SALEM, Ore. - The Oregon House has approved legislation to require the recording of certain juvenile interrogations.
House Bill 3261, introduced by Reps. Chris Gorsek (D-Troutdale) and Carla Piluso (D-Gresham), two legislators with law enforcement experience*, passed out of the House Wednesday by a 51-6 vote, with bipartisan support.
The bill provides juveniles with expanded protections, calling for the recording of young people whenever they’re subject to a custodial interview, when appropriate equipment is either already required or otherwise available.
The update expands on their 2017 legislation that required interviews related to felonious acts. The update requires the recording of all law enforcement interviews when Miranda warnings would be required and youth are questioned in relation to acts that, if committed by an adult, would be considered a misdemeanor.
Recording of custodial interviews is nationally recognized as a best practice by a range of groups including the International Association of Chiefs of Police as well as the Center on Wrongful Convictions of Youth at Northwestern University.
Center co-founder Steven Drizin and co-director Laura Nirider consulted in the development of the legislation. Nirider has drawn national attention as the attorney for Brendan Dassey, a young man whose homicide conviction, featured in the Netflix Documentary Making a Murderer, was overturned by a U.S. magistrate judge in Milwaukee, Wisconsin.
From the floor of the House, “While basic fairness is of utmost importance, this bill also concerns broader questions of integrity in our criminal justice system. We must always work to provide equal protection. This is especially true for young people who are vulnerable as the result of their incomplete cognitive development.”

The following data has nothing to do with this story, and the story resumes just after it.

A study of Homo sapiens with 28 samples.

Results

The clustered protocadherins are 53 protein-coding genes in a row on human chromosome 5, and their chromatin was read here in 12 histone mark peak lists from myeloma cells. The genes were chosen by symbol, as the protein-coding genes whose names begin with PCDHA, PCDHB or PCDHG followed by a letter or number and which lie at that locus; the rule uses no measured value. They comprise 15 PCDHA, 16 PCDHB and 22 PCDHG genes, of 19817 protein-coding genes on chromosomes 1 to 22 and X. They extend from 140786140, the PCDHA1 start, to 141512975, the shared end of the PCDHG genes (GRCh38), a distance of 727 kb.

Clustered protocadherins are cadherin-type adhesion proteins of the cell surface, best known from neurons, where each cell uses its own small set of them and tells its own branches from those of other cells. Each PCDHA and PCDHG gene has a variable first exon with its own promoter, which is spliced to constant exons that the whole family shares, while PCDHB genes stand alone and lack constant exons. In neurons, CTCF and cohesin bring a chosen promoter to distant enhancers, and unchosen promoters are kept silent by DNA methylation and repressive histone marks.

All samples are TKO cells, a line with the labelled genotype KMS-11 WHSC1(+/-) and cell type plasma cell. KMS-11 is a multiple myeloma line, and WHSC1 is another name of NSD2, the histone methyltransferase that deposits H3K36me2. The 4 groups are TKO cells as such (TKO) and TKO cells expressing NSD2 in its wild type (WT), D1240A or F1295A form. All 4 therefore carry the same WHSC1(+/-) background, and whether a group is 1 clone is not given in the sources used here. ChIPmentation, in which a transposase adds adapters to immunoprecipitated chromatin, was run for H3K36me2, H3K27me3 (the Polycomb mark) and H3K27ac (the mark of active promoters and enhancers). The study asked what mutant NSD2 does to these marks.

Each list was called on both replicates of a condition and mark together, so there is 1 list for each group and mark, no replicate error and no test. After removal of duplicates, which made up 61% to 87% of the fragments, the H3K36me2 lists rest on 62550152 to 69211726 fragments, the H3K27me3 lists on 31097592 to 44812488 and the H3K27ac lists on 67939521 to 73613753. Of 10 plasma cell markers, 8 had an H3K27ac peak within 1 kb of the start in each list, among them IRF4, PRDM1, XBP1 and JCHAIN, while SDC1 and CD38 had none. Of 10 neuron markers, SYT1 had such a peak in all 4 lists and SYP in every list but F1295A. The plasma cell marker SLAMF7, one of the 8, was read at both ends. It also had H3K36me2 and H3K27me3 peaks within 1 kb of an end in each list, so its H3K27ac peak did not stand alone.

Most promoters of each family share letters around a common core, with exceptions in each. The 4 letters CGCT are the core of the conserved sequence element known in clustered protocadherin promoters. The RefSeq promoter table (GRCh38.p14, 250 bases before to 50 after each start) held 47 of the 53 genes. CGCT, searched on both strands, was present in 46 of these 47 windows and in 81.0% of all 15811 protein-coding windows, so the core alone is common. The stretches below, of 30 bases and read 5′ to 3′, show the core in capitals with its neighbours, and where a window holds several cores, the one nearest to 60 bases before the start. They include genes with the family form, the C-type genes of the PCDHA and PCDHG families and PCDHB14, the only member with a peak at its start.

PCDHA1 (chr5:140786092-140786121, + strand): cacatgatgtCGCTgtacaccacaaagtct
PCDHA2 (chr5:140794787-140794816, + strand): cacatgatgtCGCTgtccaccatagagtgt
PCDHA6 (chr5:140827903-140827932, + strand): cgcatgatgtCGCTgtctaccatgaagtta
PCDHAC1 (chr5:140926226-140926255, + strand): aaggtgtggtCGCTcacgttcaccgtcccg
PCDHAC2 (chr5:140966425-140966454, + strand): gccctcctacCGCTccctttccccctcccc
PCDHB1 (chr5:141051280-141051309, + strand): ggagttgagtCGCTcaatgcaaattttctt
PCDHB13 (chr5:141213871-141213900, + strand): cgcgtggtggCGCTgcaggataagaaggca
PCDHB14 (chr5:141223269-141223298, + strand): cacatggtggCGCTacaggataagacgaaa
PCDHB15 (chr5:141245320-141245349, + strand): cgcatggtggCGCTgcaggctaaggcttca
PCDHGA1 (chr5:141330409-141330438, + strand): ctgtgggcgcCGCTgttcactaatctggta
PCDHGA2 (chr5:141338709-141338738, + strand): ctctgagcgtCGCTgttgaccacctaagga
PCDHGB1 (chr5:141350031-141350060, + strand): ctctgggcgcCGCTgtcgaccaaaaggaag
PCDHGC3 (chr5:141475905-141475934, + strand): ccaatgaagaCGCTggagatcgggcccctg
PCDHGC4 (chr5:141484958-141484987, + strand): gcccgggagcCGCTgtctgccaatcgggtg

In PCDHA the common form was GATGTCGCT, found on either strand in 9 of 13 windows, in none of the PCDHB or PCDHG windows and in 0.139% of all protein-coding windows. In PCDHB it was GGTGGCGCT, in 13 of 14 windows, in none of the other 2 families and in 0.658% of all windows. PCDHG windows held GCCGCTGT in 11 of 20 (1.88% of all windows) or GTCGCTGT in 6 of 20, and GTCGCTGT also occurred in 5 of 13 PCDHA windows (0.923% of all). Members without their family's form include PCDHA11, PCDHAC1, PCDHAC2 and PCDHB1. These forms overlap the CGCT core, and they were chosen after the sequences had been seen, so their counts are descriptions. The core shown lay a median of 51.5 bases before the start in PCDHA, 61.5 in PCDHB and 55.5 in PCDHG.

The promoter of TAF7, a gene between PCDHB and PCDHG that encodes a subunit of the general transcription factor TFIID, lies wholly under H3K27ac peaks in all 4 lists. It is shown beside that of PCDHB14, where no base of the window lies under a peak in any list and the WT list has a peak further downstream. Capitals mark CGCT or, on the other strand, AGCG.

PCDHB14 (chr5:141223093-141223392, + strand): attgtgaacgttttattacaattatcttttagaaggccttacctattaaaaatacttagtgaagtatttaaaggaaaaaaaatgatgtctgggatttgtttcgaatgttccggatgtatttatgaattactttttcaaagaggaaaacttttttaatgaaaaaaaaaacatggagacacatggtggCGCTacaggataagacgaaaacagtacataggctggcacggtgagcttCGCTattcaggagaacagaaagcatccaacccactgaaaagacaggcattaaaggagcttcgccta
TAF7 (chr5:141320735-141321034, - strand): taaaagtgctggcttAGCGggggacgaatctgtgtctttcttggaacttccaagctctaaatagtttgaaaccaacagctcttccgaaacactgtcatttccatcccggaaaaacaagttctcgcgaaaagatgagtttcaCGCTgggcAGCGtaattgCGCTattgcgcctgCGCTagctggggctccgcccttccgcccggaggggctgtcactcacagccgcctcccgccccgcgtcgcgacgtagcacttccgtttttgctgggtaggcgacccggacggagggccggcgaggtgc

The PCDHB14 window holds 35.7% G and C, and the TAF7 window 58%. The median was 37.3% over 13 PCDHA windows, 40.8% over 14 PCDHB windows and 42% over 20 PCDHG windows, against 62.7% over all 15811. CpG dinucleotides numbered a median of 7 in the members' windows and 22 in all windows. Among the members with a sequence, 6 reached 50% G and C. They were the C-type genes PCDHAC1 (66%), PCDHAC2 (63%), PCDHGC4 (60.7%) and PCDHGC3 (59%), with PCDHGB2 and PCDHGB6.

HB 3261 was developed with the input of stakeholders from law enforcement, the legal community, as well as juvenile justice experts from Oregon and around the nation. The resulting bill provides better protection for the accused while also assisting with the prosecution of those involved in criminality, supporters said.
Other benefits of recording custodial interviews include providing officers added protection from false accusations as well as an objective record of any inconsistencies in the statements made by the accused.
Providing a more complete documentation of custodial interviews is a protection for all involved; including the victims of crime. Having a comprehensive account of these interviews can provide an enduring archive that will remain static over time and will serve the cause of justice for everyone involved.
House Bill 3261 also contains an appropriate remedy for the admittance of interviews that are not recorded because of technical failures or other unforeseen circumstances. This ensures that the notes from these interviews will still be available to both prosecution and defense for use in a court of law.
There is also an exemption for departments that have five or fewer officers so that it mirrors the requirements for adult recorded interviews as they currently occur in the Oregon revised statutes.
*Rep. Carla Piluso spent 30 years in law enforcement including six years as Gresham Police Chief. Rep. Chris Gorsek served as a Portland police officer for seven years and has taught criminal justice at Mt. Hood Community College for 22 years.